Abu Dhabi Commercial Bank secured an asset freezing order against NMC Health founder BR Shetty and five UAE-based companies owned by him in the Abu Dhabi Global Market Courts.
The court ruling prohibits Mr Shetty from dealing in shares of five of his companies, grants a domestic freezing order on his assets and a worldwide freezing order on assets held by him and the five entities.
In granting the order, the judge Justice Andrew Smith ruled that Mr Shetty has control over the companies and "there is a substantial risk that he will 'dissipate' his own assets".
A spokesman for ADCB declined to comment on the ruling as legal action is ongoing. Mr Shetty did not respond to requests to comment.
NMC Health fell into insolvency last year and ADCB is its biggest creditor.
NMC Health was founded by Mr Shetty in 1975 and grew to be Abu Dhabi's biggest privately-owned healthcare company. However, the company was placed into administration last year after an independent investigation uncovered more than $4.4 billion of previously undisclosed debt.
The lender "contends that the reason for the group's insolvency was fraud on a massive scale, and that Mr Shetty was a participant", the order states.
It follows on from action taken by ADCB in the English courts in December last year granting a worldwide freezing order on the assets of Mr Shetty and five other former NMC shareholders and directors, which granted permission to the lender to seek a domestic freezing order in Abu Dhabi. The five companies named in the ADGM Court order are BRS Investments Holdings 1, BRS Investments Holdings 2, BRS Investments Holdings 3, BRS Investment Property and BRS Health.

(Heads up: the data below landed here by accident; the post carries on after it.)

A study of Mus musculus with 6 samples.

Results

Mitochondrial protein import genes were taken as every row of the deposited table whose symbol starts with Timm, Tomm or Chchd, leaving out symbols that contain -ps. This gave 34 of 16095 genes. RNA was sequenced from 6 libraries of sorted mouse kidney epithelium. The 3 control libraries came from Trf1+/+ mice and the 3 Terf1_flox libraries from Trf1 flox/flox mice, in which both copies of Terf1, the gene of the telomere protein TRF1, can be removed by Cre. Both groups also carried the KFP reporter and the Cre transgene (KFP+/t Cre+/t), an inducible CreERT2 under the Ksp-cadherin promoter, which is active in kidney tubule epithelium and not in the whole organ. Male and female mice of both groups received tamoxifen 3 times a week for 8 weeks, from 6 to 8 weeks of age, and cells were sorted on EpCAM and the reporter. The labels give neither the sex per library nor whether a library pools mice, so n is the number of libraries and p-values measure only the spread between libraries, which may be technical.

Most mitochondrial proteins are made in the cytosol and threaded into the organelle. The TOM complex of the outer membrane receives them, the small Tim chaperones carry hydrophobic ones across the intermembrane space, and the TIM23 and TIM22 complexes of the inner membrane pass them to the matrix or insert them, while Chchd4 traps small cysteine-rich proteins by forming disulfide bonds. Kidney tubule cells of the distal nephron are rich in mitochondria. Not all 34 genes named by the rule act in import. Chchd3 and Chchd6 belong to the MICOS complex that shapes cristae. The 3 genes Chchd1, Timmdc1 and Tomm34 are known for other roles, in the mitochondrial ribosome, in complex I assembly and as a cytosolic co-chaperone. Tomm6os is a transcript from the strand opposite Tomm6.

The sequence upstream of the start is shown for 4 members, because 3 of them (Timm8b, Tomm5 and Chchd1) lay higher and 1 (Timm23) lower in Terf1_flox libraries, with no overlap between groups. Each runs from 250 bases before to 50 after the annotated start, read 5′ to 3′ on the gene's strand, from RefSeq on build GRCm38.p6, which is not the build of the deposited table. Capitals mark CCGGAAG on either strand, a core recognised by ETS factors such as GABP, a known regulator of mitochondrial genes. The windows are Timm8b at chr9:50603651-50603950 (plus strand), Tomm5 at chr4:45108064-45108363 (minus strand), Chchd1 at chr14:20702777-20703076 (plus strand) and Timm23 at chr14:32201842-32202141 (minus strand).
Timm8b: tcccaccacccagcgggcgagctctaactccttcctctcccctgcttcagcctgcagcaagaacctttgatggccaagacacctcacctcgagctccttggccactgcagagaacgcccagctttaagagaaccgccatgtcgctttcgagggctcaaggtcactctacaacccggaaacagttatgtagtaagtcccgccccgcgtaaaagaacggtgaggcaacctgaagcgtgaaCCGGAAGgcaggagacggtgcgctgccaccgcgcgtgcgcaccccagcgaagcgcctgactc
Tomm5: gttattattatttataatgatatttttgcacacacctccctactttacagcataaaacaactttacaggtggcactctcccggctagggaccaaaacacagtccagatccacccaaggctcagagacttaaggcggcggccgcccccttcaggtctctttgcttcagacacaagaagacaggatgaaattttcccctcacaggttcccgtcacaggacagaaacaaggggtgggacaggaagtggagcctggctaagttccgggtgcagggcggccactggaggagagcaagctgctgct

"Mr Shetty denies that he was party to any fraud, and told me that he himself was a victim of greed and fraudulent conduct of others associated with the NMC Group, who arranged for a bogus account to be opened in his name at the Bank of Baroda and for monies to be transferred into it," Justice Smith said in the ruling granting the order. "He is anxious to clear his name and restore his reputation."
The administrators have since sold off non-core assets and said earlier this month they are working on a restructuring that could lead to about $4bn of existing debts being forgiven to bring the group's debt back down to a more manageable level of about $2.25bn. The group continues to perform well, with gross revenue 14 per cent higher than in an earlier business plan presented to lenders and the number of patients treated 20 per cent higher year-on-year, administrators said.
ADCB reported a five-fold increase in first quarter net profit to Dh1.12bn ($305 million) on Sunday as impairments fell 63 per cent to Dh704m. It has so far recorded provisions worth about Dh1.65bn related to NMC, but chief financial officer Deepak Khullar said the bank believes existing levels are "prudent and appropriate" given the progress being made in its restructuring.